Although I work at the limp-wristed Stranger, I happen to be a sports fan. Or, at least, a pro-basketball fan. One day last summer, feeling my masculinity challenged while attending a Mariners game with a bunch of manly men, I proceeded to name every NBA champion in chronological order: Philadelphia, Baltimore, Minneapolis, Minneapolis, Rochester, Minneapolis...
I bring my basketball cred to the fore (I also started at point guard on my high-school basketball team) because I'd like to call bullshit on the Sonics.
Last week, for the second time this year, the Sonics started making noise about getting public subsidies—perhaps $271 million worth. The money would fund a $221 million upgrade at KeyArena (tailoring the arena for high-end customers) and would pay off the outstanding $50 million debt on the building.
Wait a minute. Didn't the city already finance a $76 million upgrade to KeyArena just 10 years ago? Well, yes. And isn't the city now paying out about $2.6 million a year (with a debt service schedule until 2014) to pay off that construction—a bill the Sonics were supposed to cover with their own revenues? Well, yes.
So, with an average annual net loss of $2.6 million on the Sonics deal, why would we want to hand out more subsidies to the team?
There are two reasons. Both are misguided.
First, investing in professional sports is supposed to amp local economies. This is unproven. In fact, an in-depth study by the Cato Institute released last year found that, if anything, pro sports teams actually hurt local economies. "Our conclusion, and that of nearly all academic economists studying this issue," they wrote, "is that... the net economic impact [is] a reduction in real per capita income over the entire metropolitan area."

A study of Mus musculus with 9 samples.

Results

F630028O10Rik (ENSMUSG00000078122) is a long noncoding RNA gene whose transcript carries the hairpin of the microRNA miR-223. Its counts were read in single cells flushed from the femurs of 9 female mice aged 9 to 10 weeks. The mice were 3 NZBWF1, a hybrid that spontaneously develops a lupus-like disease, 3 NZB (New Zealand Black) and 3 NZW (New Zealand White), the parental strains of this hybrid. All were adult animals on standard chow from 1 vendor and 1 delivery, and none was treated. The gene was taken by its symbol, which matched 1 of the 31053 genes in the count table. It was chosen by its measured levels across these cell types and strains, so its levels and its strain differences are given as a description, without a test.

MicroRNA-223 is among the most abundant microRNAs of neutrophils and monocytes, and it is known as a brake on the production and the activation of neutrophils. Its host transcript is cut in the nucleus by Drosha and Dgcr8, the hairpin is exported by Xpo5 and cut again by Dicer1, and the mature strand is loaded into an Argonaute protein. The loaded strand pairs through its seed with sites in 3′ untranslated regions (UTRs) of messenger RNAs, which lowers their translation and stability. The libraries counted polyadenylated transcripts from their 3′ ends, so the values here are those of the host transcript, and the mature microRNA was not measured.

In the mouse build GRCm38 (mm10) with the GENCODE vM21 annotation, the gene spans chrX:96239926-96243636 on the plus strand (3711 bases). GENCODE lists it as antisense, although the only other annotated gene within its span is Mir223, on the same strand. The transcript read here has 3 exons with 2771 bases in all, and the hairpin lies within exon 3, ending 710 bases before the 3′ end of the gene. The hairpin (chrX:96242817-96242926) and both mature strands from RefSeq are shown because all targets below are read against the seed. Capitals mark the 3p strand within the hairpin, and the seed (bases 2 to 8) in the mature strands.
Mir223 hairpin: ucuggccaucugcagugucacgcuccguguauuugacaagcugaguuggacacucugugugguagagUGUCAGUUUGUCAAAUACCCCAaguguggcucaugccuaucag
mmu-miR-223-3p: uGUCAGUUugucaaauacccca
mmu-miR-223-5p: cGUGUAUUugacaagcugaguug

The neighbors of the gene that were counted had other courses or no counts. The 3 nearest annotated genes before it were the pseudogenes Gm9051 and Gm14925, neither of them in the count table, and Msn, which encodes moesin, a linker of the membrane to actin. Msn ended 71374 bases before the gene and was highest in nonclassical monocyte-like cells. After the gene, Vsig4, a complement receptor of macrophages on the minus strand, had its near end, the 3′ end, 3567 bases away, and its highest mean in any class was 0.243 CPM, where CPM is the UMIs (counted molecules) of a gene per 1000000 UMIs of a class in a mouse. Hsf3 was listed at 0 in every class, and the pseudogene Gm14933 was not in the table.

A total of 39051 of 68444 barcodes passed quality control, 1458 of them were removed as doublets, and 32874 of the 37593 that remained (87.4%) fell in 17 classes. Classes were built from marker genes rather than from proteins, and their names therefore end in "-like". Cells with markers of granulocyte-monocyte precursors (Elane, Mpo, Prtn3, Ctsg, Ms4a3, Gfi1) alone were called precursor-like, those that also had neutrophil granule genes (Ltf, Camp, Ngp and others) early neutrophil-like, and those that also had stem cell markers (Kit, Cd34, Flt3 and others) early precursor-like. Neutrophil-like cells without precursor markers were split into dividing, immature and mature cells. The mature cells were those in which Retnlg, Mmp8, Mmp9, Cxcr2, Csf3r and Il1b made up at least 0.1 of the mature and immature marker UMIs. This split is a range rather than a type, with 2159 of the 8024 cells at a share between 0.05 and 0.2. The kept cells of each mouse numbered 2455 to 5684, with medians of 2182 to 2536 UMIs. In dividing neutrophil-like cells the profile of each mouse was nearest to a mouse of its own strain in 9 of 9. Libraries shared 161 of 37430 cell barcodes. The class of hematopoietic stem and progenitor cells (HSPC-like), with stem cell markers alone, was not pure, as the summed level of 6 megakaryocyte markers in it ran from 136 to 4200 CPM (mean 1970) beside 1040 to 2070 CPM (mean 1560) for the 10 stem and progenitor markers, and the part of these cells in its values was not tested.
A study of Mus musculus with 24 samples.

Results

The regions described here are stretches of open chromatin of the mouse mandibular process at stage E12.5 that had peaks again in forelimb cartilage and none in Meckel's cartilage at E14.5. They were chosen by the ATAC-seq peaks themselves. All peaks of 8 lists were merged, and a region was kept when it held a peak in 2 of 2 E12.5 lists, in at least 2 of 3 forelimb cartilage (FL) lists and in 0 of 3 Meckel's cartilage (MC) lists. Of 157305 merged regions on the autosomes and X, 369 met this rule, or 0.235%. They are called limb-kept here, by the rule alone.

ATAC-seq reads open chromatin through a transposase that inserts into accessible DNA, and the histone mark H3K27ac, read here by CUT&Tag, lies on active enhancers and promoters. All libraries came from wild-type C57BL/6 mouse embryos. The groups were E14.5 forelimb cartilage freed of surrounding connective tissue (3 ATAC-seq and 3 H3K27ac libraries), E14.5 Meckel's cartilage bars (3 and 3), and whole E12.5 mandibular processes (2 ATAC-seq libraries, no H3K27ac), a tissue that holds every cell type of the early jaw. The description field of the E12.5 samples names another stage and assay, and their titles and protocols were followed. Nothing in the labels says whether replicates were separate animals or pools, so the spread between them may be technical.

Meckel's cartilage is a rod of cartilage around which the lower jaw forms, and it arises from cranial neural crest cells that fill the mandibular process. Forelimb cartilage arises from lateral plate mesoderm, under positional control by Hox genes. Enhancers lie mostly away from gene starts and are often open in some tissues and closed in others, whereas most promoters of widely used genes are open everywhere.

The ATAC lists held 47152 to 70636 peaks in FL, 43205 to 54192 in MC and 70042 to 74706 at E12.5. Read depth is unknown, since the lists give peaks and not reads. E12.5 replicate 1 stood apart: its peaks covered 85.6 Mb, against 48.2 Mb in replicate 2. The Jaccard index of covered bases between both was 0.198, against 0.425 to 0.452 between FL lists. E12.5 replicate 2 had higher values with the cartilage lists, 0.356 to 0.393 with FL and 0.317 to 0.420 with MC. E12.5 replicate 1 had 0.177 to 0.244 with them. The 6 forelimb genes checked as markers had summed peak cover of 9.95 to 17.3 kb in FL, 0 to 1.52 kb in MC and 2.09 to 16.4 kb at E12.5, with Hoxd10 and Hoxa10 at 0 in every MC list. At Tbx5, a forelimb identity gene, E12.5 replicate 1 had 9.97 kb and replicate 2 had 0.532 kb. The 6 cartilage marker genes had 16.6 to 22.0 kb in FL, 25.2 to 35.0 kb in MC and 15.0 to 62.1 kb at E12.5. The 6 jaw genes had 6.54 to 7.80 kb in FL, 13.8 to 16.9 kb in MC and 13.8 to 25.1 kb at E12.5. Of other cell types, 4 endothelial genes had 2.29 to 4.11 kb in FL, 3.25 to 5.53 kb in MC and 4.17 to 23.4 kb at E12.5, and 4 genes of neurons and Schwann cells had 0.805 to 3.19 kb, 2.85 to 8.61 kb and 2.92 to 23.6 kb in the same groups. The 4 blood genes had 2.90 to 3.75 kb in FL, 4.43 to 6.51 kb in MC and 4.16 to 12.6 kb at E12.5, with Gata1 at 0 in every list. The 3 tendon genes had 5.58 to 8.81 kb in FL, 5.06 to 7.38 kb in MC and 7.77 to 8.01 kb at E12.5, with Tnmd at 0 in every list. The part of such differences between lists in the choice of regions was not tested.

The Cato study looked at 37 cities that have hosted professional sports teams over the last 30 years, including Seattle. In addition to debunking industry claims that sports teams generate new consumer spending (they actually just suck up existing spending), the study showed that the average effect on employment in the service sector of a city's economy was a net loss of 1,900 jobs. (Seattle's average net loss was 2,400.)
The second reason to bail out the Sonics? Seattle Times columnist Nicole Brodeur laid out the argument in her column last week: "They are part of the city's identity... and they want to stay."
That's cool for Brodeur to say. She was able to shell out the $70 for her ticket last week. Not me. I'd been planning for months to see the Sonics play my home team, the Washington Wizards, this week. I had rounded up four friends to go, but when we saw the ticket price we all balked. The Sonics might be "part of our city's identity," but most people in our city can't afford that identity. With crummy transportation and schools, we also can't afford $271 million in public subsidies just to avoid an "identity" crisis.